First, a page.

Online sweepstakes and contests are a great way to attract consumer interest and rev up some excitement about your company — but it’s important to understand the legal requirements of each. Otherwise, you could find your business in danger of some significant financial penalties.
Here are some basics about online promotions you should keep in mind:
The difference between sweepstakes and a contest
These terms are not interchangeable. Contests require the entrants to exhibit some sort of skill or perform some sort of task in order to win. Sweepstakes, however, do not. Winners are chosen at random from among the entrants.
For example, Google runs a “Doodle for Google” contest every year that requires entrants to submit a piece of original art with the company’s name woven into the drawing. The winner — chosen by popular vote — is rewarded with a large scholarship. On the other hand, the famous Publishers Clearing House sweepstakes can only be won by pure luck.
The hazard of running an illegal lottery
Lotteries are big money-makers for most states, so they’re tightly regulated. You need to make sure your sweepstakes or contest isn’t really a lottery to avoid significant legal complications. Lotteries offer people a chance to win prizes in return for some form of consideration — like the purchase of a ticket.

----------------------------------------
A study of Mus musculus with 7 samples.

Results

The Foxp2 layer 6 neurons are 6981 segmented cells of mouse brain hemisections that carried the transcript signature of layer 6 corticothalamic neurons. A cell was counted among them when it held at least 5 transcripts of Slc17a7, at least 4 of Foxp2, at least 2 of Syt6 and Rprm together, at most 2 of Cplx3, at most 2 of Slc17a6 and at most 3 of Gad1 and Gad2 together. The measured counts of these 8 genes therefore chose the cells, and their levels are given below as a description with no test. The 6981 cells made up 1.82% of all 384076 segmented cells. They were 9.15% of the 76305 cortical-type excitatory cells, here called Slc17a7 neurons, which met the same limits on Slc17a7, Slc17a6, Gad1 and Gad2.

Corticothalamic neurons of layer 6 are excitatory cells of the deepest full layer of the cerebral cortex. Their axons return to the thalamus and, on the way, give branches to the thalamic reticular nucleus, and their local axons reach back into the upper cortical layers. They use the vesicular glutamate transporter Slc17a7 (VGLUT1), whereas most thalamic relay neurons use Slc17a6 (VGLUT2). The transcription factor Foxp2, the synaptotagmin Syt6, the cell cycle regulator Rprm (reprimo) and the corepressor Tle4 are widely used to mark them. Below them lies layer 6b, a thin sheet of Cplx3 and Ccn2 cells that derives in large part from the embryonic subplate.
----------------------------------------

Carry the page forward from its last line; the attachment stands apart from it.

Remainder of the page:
Many companies circumvent the issue by making sure that their sweepstakes always have a “no purchase necessary” option.
The importance of federal, state and platform-specific compliance
No matter what you want to run — contests or sweepstakes — there are rules that have to be followed. Some of them may come from the federal government, others from the state. You also have to consider the rules of each social media platform that you are using — otherwise, you may find yourself in a legal dispute with Facebook, Twitter or some other social site.
These rules can be difficult to follow. For example, if you market a contest to children — like the Google contest does — you have to make sure that you’re legally compliant with laws that restrict what information can be collected online from children under 13 years of age.
Running a contest or sweepstakes is still a great idea for a lot of companies — but your business may avoid expensive litigation merely by seeking out experienced legal advice while planning online promotions.